The recent release of the documentary film RBG in New York and across the nation has called new attention to Supreme Court Justice Ruth Bader Ginsburg. If you are one of the thousands of people who flocked to see this documentary, you noticed the huge differences between life in the 1950s when she began law school and life today for female law students.

One of the biggest differences and changes is in the area of family law and the changes with the traditional American family. In the past mothers practically automatically received custody of their children in a divorce proceeding. Today the emphasis is on joint custody being awarded to both parents and there is no longer the "tender years" doctrine where mothers had priority over fathers. Likewise, alimony is now called spousal support because courts award it to both men and women. Did you know that spousal support goes by the nickname of manimony when the woman makes these monthly support payments to the man?

Changing laws for a changing nation

Manimony represents an emerging trend nationwide. Men receive spousal support in approximately 20 percent of divorces. The Women's Movement of the 1970s started America down the path toward "equal pay for equal work." While there is still progress to be made, many women have successfully climbed the corporate ladder and make as much money, if not more, than their husbands.

You are not alone if you are such a woman. In the past five years, women are now the breadwinners in 40 percent of U.S. households. In addition, over 2 million dads stay home to take care of the kids while their wives financially support the family.

Manimony factors

If you and your husband have begun talking about divorce and you earn more than he does, you need to prepare yourself for the possibility of his asking for spousal support. The judge likely will consider the following factors when making their decision on whether or not to grant it:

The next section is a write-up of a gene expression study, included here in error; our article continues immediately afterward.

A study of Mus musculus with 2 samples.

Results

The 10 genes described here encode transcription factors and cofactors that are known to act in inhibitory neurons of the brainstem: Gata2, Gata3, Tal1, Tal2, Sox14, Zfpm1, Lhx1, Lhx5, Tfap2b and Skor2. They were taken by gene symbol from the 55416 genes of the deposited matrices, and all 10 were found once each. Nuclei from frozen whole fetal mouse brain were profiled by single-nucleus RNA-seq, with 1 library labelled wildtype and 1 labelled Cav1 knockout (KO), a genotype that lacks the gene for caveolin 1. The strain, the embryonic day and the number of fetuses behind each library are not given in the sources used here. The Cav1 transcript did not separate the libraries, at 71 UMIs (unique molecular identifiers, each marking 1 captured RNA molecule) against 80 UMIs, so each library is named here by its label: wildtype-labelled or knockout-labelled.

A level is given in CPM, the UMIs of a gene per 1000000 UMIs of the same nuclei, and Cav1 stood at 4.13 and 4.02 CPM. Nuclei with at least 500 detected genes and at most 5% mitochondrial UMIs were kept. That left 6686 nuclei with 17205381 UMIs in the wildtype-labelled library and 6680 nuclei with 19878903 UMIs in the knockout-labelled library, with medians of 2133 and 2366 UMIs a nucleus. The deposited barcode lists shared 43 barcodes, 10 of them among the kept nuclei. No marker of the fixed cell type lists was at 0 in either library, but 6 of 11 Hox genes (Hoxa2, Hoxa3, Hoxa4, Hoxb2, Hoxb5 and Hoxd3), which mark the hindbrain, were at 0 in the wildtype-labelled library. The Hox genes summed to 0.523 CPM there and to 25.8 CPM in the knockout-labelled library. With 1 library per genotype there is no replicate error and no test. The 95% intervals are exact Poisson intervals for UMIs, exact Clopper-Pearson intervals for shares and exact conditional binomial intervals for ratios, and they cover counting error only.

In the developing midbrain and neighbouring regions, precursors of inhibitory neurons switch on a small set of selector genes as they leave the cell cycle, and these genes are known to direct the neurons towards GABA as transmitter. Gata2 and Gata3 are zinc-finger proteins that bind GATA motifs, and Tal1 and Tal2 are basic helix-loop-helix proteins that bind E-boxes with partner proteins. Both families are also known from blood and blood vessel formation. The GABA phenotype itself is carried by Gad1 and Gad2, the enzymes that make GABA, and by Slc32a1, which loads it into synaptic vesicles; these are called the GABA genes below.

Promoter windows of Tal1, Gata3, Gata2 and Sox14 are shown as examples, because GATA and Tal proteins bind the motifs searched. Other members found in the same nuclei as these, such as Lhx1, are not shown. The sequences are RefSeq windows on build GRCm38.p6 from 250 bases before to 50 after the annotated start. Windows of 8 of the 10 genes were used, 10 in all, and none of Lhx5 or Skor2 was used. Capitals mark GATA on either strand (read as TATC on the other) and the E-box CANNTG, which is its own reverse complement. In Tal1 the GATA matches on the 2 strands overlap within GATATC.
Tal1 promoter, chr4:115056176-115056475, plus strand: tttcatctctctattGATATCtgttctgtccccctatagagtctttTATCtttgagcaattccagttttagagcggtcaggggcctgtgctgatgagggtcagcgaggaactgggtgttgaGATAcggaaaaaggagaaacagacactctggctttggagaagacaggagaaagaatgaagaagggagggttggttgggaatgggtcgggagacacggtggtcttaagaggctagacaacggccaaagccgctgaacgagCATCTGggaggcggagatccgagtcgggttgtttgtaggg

• How much disparity exists between your income and that of your husband
  • How much disparity exists between your earning potential and that of your husband
  • Whether or not your husband requires additional education or training to increase his earning potential
  • How long your marriage has lasted

Temporary, not forever

Should the court award your husband manimony, you may take comfort in the thought that these payments will not continue forever absent special circumstances. Most spousal support awards are for a reasonably limited term of years. Furthermore, should your soon-to-be ex-husband remarry before the end of the spousal support period, your payments end at that point. Finally, should a court determine that your husband requires further training or education, your payments likely will end at this time as well.

As with virtually everything else in life, financial equality can be a double-edged sword. The equality that women fought so hard to achieve has reached the point where women are required to pay manimony to their husbands. Despite the fact that this may be irksome, you should also consider that your elevated financial status has put you in a position of power. Your financial freedom is your ticket to living happily ever after.